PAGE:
Identify the perfect franchise for you! Take our short quiz Take our free franchise quiz!
Identify the perfect franchise for you! Take our short quiz Take our free franchise quiz!

A Split Test That Shows The Power of One Word

For part of our franchise selection experience, we use a selection button as one of our calls to action. Essentially for a user to select one of the franchises on our category pages, they must click a button:

Category Page with Add CTA Highlighted

We thought that the word “Add” we originally used for copy of the button may have been a little too e-commercy. (That is definitely not a word.) We really needed a user to express real interest in opening a franchise, so we ran a test where we sent 1/3 of each of our traffic to a webpage coded up with buttons that said different things.

Control (“Add”):

Add CTA for Franchise Selection

Test 1 (“Interested”):

Interested CTA for Franchise Selection

Test 2 (“I Am Interested”):

I Am Interested CTA for Franchise Selection

Any guesses as to which one won? (Ok, you could definitely cheat by looking at our website...)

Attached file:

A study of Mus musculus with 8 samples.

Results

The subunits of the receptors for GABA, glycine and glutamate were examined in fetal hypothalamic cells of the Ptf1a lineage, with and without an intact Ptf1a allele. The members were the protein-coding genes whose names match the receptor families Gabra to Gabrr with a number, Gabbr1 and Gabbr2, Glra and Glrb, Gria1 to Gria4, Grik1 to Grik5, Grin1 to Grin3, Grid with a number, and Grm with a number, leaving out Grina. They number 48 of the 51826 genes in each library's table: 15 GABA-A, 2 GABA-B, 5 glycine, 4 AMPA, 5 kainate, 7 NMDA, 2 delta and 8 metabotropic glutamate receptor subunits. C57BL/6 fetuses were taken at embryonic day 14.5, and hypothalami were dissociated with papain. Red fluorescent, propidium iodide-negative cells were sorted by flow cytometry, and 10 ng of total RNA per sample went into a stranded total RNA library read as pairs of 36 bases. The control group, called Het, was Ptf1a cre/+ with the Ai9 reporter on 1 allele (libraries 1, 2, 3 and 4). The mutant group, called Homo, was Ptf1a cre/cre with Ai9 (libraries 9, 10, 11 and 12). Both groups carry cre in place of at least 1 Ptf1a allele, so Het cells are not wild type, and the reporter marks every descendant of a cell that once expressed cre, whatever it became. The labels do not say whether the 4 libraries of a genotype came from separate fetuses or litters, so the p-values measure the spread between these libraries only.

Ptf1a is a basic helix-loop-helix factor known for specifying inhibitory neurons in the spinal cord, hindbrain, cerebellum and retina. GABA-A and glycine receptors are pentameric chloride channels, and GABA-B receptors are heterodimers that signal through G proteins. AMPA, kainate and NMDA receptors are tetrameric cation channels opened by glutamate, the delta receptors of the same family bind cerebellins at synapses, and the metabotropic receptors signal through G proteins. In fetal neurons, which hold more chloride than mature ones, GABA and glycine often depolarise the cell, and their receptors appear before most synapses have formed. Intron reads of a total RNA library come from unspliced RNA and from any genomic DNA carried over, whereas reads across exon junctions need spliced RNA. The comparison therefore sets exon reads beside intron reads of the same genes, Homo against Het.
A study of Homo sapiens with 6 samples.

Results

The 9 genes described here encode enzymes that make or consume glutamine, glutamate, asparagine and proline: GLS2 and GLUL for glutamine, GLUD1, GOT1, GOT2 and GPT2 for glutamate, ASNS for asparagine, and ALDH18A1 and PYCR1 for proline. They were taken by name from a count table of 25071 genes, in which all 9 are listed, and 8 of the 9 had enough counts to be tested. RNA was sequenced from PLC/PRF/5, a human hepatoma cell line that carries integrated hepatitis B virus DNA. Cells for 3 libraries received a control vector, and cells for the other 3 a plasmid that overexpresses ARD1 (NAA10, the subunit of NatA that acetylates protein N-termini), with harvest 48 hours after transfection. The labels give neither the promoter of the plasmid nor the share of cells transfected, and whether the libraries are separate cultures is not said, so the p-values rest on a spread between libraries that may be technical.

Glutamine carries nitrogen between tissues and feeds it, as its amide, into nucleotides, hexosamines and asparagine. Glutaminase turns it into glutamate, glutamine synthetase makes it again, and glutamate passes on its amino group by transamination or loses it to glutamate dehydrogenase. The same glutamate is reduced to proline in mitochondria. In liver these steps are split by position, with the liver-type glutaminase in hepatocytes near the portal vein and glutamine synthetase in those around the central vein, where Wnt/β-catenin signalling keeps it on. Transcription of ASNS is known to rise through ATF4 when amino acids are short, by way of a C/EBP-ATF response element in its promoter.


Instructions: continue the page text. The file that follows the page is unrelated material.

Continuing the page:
Here were the results:

CTA Copy Change Split Test Results

Can you believe it? 18% higher conversions from people who were shown the "Interested."

Can you imagine having a 18% more efficient strategy simply by changing one word? The answer is YES!

Have a question about this A/B Test or A/B Testing in general? Click here to ask us a question.

What’s an Email “Click Map” and Why it Matters

For certain emails, the main purpose is branding. The goal of these emails is very high distribution and are traditionally evaluated using open rate as the primary metric.

The Only Article I’ll Ever Write About Monthly Unique Visitors

Only 16 months ago (August 2014), we were sitting at 139,463. That’s an over 250% increase in traffic to FranchiseHelp in less than a year and a half!

I got 7 sales emails on Thanksgiving. Here’s what I learned.

We’ve written quite a bit about the power of email here at the Franchise Lead Generation Resource Center, but here’s an example where email’s ubiquity has an interesting implication.